Angela Hartnett exudes common sense and her down-to-earth approach has made her a much-liked TV-and-radio performer as well as popular with fellow chefs.
It’s only in her restaurants that this unaffected style has tended to get lost.
At Angela Hartnett at the Connaught in 2004, I remember a snooty maitre d’ from the Basil Fawlty school of hospitality. The food, while excellent, was as posh as the surroundings. Every night was the comedy character’s “Gourmet Night,” with no riff-raff.
When Murano opened in 2008 under the aegis of her mentor, chef Gordon Ramsay, the ambience was hotel-meets-corporate more than Hartnett as such.
The new Cafe Murano is the kind of place one always hoped she would open. It’s informal and friendly, yet with attentive and professional service. The welcome is warm without being effusive. The food is simple without being plain.
The prices are as friendly as she is.
The room is long and narrow. It’s a difficult space that has undergone several incarnations as a restaurant. It was once home to Petrus, where Hartnett worked with chef Marcus Wareing. More recently, it was Brasserie St. Jacques.
This time round, it’s looking good following a makeover by Russell Sage Studio, whose designs include Grain Store, Social Eating House, Dishoom and the Savoy Grill. On the left, there is a bar, and that’s my favorite place to eat.
The set lunch is 18 pounds ($30) for two courses or 22 pounds for three -- reasonable for food of this quality in this location. You might start with beautiful mozzarella with lentil vinaigrette and move on to white onion risotto, or pig cheeks with fennel salad and anchovy, followed by a lemon tart.
Going a la carte, begin with snacks such as truffle arancini (rice balls) for 3 pounds. Among the antipasti, even an old chum such as vitello tonnato (9 pounds) has a freshness and texture where familiarity breeds content.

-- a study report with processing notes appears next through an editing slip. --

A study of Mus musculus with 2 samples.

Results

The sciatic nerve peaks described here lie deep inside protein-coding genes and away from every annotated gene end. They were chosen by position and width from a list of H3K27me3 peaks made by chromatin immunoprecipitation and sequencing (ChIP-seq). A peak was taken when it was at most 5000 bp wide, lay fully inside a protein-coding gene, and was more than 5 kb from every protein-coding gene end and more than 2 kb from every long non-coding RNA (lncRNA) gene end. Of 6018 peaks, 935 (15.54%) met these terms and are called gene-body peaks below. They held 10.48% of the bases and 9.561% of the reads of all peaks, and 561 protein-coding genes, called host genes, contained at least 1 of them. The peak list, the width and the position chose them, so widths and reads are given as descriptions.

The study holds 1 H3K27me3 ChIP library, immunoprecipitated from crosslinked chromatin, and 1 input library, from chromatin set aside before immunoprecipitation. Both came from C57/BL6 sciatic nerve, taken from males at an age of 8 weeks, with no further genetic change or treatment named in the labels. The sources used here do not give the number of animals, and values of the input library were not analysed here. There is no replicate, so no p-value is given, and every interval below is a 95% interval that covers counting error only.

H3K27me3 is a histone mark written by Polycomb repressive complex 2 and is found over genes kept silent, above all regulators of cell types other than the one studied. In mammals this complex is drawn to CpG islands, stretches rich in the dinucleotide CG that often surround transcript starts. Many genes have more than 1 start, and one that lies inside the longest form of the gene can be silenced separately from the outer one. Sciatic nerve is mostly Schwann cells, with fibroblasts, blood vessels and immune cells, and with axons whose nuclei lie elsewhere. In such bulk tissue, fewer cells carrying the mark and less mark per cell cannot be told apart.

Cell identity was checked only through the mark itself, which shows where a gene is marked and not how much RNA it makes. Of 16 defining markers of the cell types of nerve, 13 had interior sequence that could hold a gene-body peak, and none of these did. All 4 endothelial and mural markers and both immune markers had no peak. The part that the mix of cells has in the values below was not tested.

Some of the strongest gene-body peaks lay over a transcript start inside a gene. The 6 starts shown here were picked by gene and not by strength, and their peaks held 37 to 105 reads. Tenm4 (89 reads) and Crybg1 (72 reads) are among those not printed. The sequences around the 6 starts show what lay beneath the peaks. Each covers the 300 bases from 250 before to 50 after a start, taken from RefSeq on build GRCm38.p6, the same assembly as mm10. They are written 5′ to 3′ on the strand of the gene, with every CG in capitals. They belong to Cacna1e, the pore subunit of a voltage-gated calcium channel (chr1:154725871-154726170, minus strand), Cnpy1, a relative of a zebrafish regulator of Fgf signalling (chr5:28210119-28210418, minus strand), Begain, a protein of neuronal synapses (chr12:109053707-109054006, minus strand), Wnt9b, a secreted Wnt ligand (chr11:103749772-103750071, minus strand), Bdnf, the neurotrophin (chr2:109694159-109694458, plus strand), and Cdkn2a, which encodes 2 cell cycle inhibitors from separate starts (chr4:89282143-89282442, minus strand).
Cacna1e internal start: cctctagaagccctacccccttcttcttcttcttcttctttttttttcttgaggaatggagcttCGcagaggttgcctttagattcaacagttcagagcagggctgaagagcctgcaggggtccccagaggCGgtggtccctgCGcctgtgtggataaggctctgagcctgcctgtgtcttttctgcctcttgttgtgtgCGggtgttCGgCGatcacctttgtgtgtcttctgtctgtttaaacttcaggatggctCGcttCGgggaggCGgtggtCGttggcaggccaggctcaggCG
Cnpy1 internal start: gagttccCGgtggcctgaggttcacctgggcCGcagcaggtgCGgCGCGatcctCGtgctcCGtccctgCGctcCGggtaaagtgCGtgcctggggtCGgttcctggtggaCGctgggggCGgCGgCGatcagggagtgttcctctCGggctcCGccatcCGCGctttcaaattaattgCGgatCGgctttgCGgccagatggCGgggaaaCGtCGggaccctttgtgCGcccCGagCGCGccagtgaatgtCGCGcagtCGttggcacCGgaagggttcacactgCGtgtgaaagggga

Spaghetti carbonara (11 pounds or 16 pounds) is a rich yellow with a salty richness that kicks its creamy cousins for six. Or you can go for the full flavor bomb: osso buco with risotto Milanese. Warm bavette steak salad with red onions and pine nuts (20 pounds) is another strong dish: It’s pretty, with a beautiful dressing.
My favorite is the chicken Milanese, the meat beaten thin and coated with breadcrumbs and served with rocket salad. Contemporary cooking can be brilliant, but sometimes you don’t want your dinner deconstructed or given a modern twist.
The desserts punch their weight. The Amarena cherry & ricotta cheesecake lightly trips between sweetness and acidity.
There’s a good selection of mostly Italian wines by the glass and plenty of choice of bottles below 30 pounds.
It’s interesting how different British chefs approach Italian cuisine. Jamie Oliver has made a killing with Jamie’s Italian. Ramsay is having a crack at it with Union Street Cafe. Hartnett, who learnt to cook with her Italian grandmother, may come out top for quality.
Cafe Murano may open in other locations. The dishes are good enough for it to be a success, though the challenge will be consistency. On St. James’s Street, the head chef is Sam Williams and the front-of-house is headed by Zoe Charlton-Brown, a familiar face from venues such as Boundary and Jugged Hare.
It won’t be easy to replicate such a strong team.
Cafe Murano, 33 Saint James’s Street, Mayfair, London, SW1A 1HD. Information: http://www.cafemurano.co.uk/ or +44-20-3371-5559. Rating: 8/10.
(Richard Vines is the chief food critic for Bloomberg. He is U.K. and Ireland chairman of the World’s 50 Best Restaurants awards. Opinions expressed are his own.)